How a Class 7 Indian-Origin Girl in Texas Raised Rs. 1.3 Lakh to Distribute Free LED Bulbs in Delhi

This Class 7 student in the US raised funds to buy and distribute LED bulbs for free to poor people in India. This is the story of her determination to do something concrete for the future of the planet.

“Small things can make a difference – provided all of us do our part. I am asking you to join me in the effort of replacing 77 crore incandescent bulbs in India with energy efficient LED bulbs. This will go a long way in reducing energy consumption and carbon emission along with the electricity bills of those who can least afford these bulbs. For the sake of India and for the sake of this planet, let’s all change our future, one bulb at a time.” – This is 13-year-old Meera Vashisht’s message to children of her age around the world.

An Indian-origin girl who was born and raised in the US and lives in Sugar Land, Texas, Meera will soon be in Delhi to distribute LED bulbs for free to those who cannot afford them.


Meera’s interest in the project came about when she was researching a project in school. She stumbled across a news article about the LED revolution in India. The Indian government is in the process of replacing 77 crore incandescent bulbs with LED bulbs, as a part of the Unnat Jyoti by Affordable LEDs for All (UJALA) scheme. She was intrigued to learn that simply changing a bulb at home can not only change the lives of people by offering increased energy savings, but reduce our carbon footprint as well.


“But even at these subsidised rates, people belonging to the poorest sections of society would find it difficult to afford these bulbs,” Meera concluded.

Picture for representation only. Source: Flickr

“This was my moment of reckoning. After all those days when I had thought of doing something for India but didn’t know what to do, I suddenly discovered something that I could actually do and make a difference,” she wrote in an essay.

Meera’s first thought was to save her allowance money and send it to India as her contribution to the UJALA scheme. But that wouldn’t be enough she realized, so she thought of something else: “Let’s distribute the bulbs for free!” Her parents encouraged her to develop the idea further and it was then that she came up with the idea of a fundraiser.

She picked up a telephone directory and started writing letters to random people in the US, asking for help in making LED bulbs available to those who need them the most in India.


“The challenge here was – why would anyone in the US want to fund something that was going on in India? But Meera was willing to take on this challenge. She told us – ‘The planet is one. We all share this planet. Whatever happens in India affects everyone. So let me try and draft this letter,’” says her mother Sunanda Vashisht, who works as a writer and columnist.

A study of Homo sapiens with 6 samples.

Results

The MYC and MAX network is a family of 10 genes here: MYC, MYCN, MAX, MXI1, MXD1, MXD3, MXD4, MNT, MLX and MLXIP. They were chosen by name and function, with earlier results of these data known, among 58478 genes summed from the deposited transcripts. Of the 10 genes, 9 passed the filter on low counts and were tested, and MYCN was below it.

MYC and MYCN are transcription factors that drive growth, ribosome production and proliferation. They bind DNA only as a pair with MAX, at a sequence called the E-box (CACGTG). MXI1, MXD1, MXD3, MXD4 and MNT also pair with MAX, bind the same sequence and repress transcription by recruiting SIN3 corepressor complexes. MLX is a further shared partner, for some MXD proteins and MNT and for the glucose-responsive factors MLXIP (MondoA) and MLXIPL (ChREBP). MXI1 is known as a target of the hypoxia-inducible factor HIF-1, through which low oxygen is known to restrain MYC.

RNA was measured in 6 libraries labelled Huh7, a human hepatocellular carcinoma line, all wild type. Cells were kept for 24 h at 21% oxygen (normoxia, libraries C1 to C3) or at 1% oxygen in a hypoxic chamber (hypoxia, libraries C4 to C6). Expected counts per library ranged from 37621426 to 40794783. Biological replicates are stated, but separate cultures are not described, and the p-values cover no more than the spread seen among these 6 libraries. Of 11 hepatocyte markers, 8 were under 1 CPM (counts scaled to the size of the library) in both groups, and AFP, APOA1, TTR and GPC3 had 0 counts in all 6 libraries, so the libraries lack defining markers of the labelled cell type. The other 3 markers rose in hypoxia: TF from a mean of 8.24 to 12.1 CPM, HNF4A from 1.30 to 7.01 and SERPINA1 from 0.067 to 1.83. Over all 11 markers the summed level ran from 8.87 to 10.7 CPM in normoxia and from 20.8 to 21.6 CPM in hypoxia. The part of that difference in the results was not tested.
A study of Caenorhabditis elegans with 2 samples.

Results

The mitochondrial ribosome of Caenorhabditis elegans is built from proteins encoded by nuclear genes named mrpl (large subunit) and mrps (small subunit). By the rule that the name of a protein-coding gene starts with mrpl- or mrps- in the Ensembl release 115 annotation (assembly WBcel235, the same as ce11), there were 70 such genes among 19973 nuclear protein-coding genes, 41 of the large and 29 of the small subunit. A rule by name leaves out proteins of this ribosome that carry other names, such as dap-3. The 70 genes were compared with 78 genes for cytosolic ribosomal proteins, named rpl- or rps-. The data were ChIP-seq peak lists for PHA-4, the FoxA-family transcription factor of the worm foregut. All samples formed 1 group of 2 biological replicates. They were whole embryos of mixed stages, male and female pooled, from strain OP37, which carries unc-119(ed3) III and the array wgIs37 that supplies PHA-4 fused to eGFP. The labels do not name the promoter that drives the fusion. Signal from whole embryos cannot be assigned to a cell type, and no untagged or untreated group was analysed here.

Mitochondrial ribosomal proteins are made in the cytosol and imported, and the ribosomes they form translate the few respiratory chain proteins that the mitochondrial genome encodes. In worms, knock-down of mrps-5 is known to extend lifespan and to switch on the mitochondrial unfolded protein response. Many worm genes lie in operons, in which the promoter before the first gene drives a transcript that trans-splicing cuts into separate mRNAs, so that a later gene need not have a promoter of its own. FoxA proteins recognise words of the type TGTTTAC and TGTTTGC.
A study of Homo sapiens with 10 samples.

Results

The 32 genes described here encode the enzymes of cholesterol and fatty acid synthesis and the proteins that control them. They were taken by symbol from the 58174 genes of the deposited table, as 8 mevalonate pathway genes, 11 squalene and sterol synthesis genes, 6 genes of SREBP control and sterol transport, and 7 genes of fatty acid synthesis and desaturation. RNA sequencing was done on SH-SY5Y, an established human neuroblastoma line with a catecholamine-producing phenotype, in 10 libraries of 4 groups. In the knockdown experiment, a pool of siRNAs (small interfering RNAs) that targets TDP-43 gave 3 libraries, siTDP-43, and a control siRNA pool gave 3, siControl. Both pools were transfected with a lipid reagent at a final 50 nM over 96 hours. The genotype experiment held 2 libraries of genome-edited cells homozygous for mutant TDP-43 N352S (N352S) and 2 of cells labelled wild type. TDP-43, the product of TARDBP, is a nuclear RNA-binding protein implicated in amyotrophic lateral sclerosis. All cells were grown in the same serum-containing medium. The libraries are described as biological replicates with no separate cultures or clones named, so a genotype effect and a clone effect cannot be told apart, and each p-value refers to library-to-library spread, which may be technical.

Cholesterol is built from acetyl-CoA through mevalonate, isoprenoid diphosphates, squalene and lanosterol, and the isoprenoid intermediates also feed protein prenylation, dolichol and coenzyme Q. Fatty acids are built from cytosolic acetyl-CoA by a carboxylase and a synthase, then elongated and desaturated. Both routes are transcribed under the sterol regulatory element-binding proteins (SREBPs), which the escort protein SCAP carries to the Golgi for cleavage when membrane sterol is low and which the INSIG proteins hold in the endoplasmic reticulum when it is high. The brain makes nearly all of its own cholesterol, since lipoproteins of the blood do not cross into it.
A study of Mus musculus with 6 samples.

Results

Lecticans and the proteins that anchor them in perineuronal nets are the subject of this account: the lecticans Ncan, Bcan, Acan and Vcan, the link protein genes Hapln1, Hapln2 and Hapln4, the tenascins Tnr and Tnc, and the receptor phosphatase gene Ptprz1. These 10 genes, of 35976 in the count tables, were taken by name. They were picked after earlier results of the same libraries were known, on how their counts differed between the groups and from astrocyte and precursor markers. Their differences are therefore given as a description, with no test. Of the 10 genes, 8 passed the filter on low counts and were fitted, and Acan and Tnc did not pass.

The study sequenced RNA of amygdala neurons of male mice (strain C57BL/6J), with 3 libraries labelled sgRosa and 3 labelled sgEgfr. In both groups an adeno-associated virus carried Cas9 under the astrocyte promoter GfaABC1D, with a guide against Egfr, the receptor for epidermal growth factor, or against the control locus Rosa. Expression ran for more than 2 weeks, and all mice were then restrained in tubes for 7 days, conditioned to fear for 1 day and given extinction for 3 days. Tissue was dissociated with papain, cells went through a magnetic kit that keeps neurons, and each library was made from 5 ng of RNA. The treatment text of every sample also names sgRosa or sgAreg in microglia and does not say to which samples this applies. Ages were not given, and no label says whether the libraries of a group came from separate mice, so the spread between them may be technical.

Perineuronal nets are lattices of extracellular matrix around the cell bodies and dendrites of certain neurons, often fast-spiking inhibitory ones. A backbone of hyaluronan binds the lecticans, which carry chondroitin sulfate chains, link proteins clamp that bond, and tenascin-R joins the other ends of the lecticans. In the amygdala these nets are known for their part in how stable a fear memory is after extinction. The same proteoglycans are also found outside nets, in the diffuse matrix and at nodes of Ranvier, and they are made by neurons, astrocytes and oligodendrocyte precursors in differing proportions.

To everybody’s surprise, the first cheque arrived for Meera in just a few days, and the money kept coming in after that. Meera sent 500 letters and collected $ 2,000 (approximately Rs. 1,30,000) over the span of a year.

“In my letter, I explained why an LED revolution in India can save the whole planet and why we all should participate and contribute. I explained that a simple action of switching a light bulb in India could help achieve the goal of providing 24/7 electricity across the country. What most of us don’t understand is that electricity is empowerment. In rural areas it helps kids study after dusk, it helps ease the workload of people, it improves agricultural output, it helps set up small scale industries and connects remote areas with the world at large via the Internet and smartphones. This is empowerment in its truest sense and real democracy in action,” she wrote.


Sunanda and Meera will reach Delhi in the first week of July, and the Ministry will help them identify the underprivileged families that need these bulbs.


Meera’s father is an engineer and her family’s ancestral home is in Punjab. “We have family in India and we keep going back to visit them all the time. We are inculcating affection for India in Meera. She always says that she wants to work for people there,” says Sunanda. Through this distribution drive, Meera also wants to create awareness about the use of LED bulbs among people who might think that giving Rs. 75 for a bulb is a waste of money.

The teenager also stays connected to her roots through music and dance. She learns Hindustani classical vocal music and has been learning Bharat Natyam since she was four years old. Her grandfather’s passion for environmental causes has inspired Meera to work for the environment as well.


“He is an avid lover of nature, an artist, and an environmentalist. He is very considerate and compassionate. From him I have learnt to respect all life…I am so glad to be finally able to now come to India and make a contribution to the cause of cleaning the environment in a tangible way. I couldn’t be happier,” she says.

Here’s hoping this young environment enthusiast finds success in all her endeavours towards making the planet greener and more compassionate towards the less fortunate.